Have you ever listened to the sound of crickets chirping at night, and thought, “Those little guys would taste great in my next banana bread!”? Well, neither had I…until recently.
There is a buzz growing in the insect community, and this time it isn’t bees. At gatheredtable, we help our users by recommending healthy, seasonal recipes that meet their household’s goals and preferences. Sometimes, this means digging deep into the newest health trends to discover their worth…and this time, it was crickets.
“Insects are probably the most sustainable form of protein we have on Earth. The only real barrier to Americans eating insects is a cultural taboo,” says Megan Miller, founder of Bitty Foods, which sells pulverized cricket flour to Americans.
Cricket flour is kind of a micro-trend… these health facts might explain why:
- 2013 report from the United National Food and Agricultural Organization (NATO) confirmed that insects like crickets are nutritional powerhouses, high in protein, fat and essential amino lysine and tryptophan
- Crickets contain 12.9 grams of protein per 100 grams (half the protein of chicken/beef, but more than dried meats!)
- Insects require less land use and emit fewer greenhouse gasses then traditional livestock -> what better way to get your protein and be green
I enlisted the help of Victoria, our culinary manager, to “cricketify” two common recipes: banana bread and chocolate chip cookies.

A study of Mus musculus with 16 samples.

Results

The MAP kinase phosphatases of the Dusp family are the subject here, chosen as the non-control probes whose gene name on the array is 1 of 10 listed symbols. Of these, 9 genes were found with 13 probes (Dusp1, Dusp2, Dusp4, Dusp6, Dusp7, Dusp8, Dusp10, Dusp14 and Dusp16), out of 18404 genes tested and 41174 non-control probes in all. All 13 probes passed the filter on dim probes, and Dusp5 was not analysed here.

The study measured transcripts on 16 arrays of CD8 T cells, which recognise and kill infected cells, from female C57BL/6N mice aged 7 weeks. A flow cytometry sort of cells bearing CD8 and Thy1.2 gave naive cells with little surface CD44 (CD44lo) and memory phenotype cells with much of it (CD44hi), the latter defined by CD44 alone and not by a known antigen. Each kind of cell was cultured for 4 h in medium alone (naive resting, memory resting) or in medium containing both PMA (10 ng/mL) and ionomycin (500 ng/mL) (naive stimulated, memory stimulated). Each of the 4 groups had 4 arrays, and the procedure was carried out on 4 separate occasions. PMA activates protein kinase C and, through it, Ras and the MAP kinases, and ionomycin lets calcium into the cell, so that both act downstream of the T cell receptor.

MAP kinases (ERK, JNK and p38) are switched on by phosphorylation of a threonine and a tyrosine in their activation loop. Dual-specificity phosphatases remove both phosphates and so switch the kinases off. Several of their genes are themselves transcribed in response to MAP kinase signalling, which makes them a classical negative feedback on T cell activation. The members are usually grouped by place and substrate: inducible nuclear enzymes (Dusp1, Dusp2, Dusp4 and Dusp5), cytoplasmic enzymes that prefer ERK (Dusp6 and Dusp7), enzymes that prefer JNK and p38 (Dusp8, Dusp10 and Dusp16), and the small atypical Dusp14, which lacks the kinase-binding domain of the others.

- 50% of my colleagues affirmed Megan’s hypothesis that the biggest barrier to cricket flour dispersion is cultural taboos – they refused to even taste it
- The chocolate chip cookies looked funny – formed as dough balls they refused to melt and spread into circles, as traditional cookies do, remaining stubbornly in their pre-baked spheres. Half of our team tried them and declared them: “tolerable”, “a little sandy”, and mostly “saved by the chocolate chips”. (…and you probably shouldn’t eat 5 – one of us did, and a major stomach ache ensued. enough said)
- The Banana Walnut Bread looked “normal,” tasted “not bad” and overall was denser and yielded a much higher satiety then its’ traditional cousin given the high protein content – we’re planning to make this one again.
For now, although crickets are plentiful, the flour is pricey (a 20oz bag of Bitty will set you back $20, more than 4x the price of traditional flour) so we’re not sure how soon this trend will take off, but we love what the folks at Bitty are trying to do, which is to find new and better solutions to big problems.
What do you think about cricket flour? Heard of it? Tried it? Got any good cricket flour recipes for us? Know any other new ingredients we should try? Leave us a comment below and we’ll be giving out a full bag of Bitty cricket flour to one lucky respondent!